The Blog

Why You Shouldn't Laugh at Someone Who Stutters

In that silence it doesn't sound like she is apologizing for her insensitivity -- it sounds like she is sorry that I stutter. Sorry that I have a name that has never escaped my mouth unscathed. Sorry that I am who I am.
This post was published on the now-closed HuffPost Contributor platform. Contributors control their own work and posted freely to our site. If you need to flag this entry as abusive, send us an email.

The bar is packed, and I have to lean across the table to introduce myself. "Hi I'm..." The usual mouth-gapping, eye-opening silence. Followed by the repeated putter of "Ka" "Ka" "Ka." She stares for a second, maybe two. And then she laughs. She looks around the table, reaching out for someone to join her private joke. Met with blank faces from my friends and half-smiles from strangers, she turns back to me, still braying. My mouth is not ready to smile. Even if I wanted to, I'm not able to save her. I'm mid stutter, still reaching deep inside of myself, clawing down into my lungs and my throat, to drag my name out of my mouth and into the open. I greedily inhale a fistful of air and try again, "Hi, I'm K K K."

Improbably, her laughter continues. I watch as one of my friends, the one who knows her, leans over and whispers something. The distraction loosens something in me and finally I spit out "Katherine." My friend pulls away from her ear. The girl looks confused. I hope that my friend has told her to stop being so rude (I honestly hope for something more expletive-ridden), but I know she has told her I stutter. The first thing she says is "sorry." And in that silence it doesn't sound like she is apologizing for her insensitivity -- it sounds like she is sorry that I stutter. Sorry that I have a name that has never escaped my mouth unscathed. Sorry that I am who I am.

As the writer Benson Bobrick once wrote, in those moments my heart hardens against her. She is an adult who has been through years of education, someone who has all the capacity necessary for empathy. She is a magazine editor, a label she had thrown around like a badge of honor moments before. She should know better. We all should.

I don't say, "that's okay." It isn't. Instead, I smile and I tell her that I stutter. Before she says sorry again, I tell her that my name takes me a while. She nods. Mute now. The hurt, angry side of me wants to tell her off, to make her feel small and repentant. The stronger side of me wants to educate her, to teach her about stuttering. Instead, I motion towards my other friend and she introduces herself. It is over in less than five seconds. I pipe up as she finishes, "That was far too easy." We all laugh. It sounds different.

The thing is, I believe in laughter. I believe in smiling in the midst of a stutter, in telling someone that there is nothing to be afraid of and bringing my listener towards me. I believe in laughing at all the ridiculous situations that my stutter creates. And yet, I know that there is something cruel in laughing at the spectacle of stuttering.

So why do people do it? In all honesty, it is rarely done out of malice. More often it is done out of surprise. Despite all the evidence to the contrary, we expect the world to be a linear and predictable place. If we hear someone speaking "fluently" one moment, we expect that to continue to the next. When it does not, when it is interpreted and broken apart, we are shocked. I know I am. And so, in our surprise, we laugh. It is a natural reaction.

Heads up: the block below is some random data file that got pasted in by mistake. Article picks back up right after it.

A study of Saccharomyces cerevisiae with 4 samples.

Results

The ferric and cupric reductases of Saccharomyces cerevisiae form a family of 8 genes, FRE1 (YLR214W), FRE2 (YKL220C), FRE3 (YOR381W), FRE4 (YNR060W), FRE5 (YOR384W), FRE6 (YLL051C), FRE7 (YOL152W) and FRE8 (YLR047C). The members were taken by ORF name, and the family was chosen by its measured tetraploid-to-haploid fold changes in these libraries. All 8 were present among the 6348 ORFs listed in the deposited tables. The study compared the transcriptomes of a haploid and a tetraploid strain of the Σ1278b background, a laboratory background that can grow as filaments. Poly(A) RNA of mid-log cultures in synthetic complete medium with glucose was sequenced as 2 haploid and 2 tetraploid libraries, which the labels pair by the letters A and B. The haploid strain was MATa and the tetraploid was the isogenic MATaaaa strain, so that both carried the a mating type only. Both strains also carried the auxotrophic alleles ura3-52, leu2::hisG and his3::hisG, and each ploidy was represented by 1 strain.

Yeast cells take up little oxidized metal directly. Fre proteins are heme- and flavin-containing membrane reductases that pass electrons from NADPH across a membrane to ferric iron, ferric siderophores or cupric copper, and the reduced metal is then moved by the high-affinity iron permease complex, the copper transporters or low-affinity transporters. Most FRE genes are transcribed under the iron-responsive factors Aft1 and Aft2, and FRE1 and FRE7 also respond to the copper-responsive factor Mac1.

Yet, it is a response that we need to curb. We need to be kind. We need to resist our most basic and uniformed urges.

I spent years of my life expecting my listeners to be mind-readers, expecting them to react in the perfect way to my stutter. And yet, I realize that I'm not at all sure that I would know the best way to respond if I did not stutter myself. It is not always an easy thing to behold and there has never been a manual for our audience. It is not as simple as it could be, not everyone wants the same reaction. Some stutterers like people to fill in their words when they get stuck; others can't imagine anything worse (I fall into the latter category). The best our listener can do is to ask, but that requires a level of trust that is not present in every interaction.

And so, we must be our own ambassadors, we must lead the way. Having interviewed hundreds of stutterers I know that there is no one single correct response that we require from our listeners. And yet, there are standards that seems to be largely universal. These are the best guidelines that I know:

  • Look beyond the mask of stuttering. Listen to our words, not how we say them. React to us, just as you would to anyone else.
  • Keep coming towards us. Don't frown or turn away. Don't make us feel too monstrous to behold.
  • Keep eye contact, but don't turn it into a staring competition.
  • Be patient. The words will come, they may just take a few extra seconds. Don't give up on us and shut down the conversation. Definitely don't walk away.
  • Don't laugh at us. Don't pity us or mock us. If you smile out of kindness that is something else. That is wonderful. If you laugh alongside us, we will all feel less alone.

Above all else, show your compassion.

Katherine Preston ( is the author of "Out With It: How Stuttering Helped Me Find My Voice."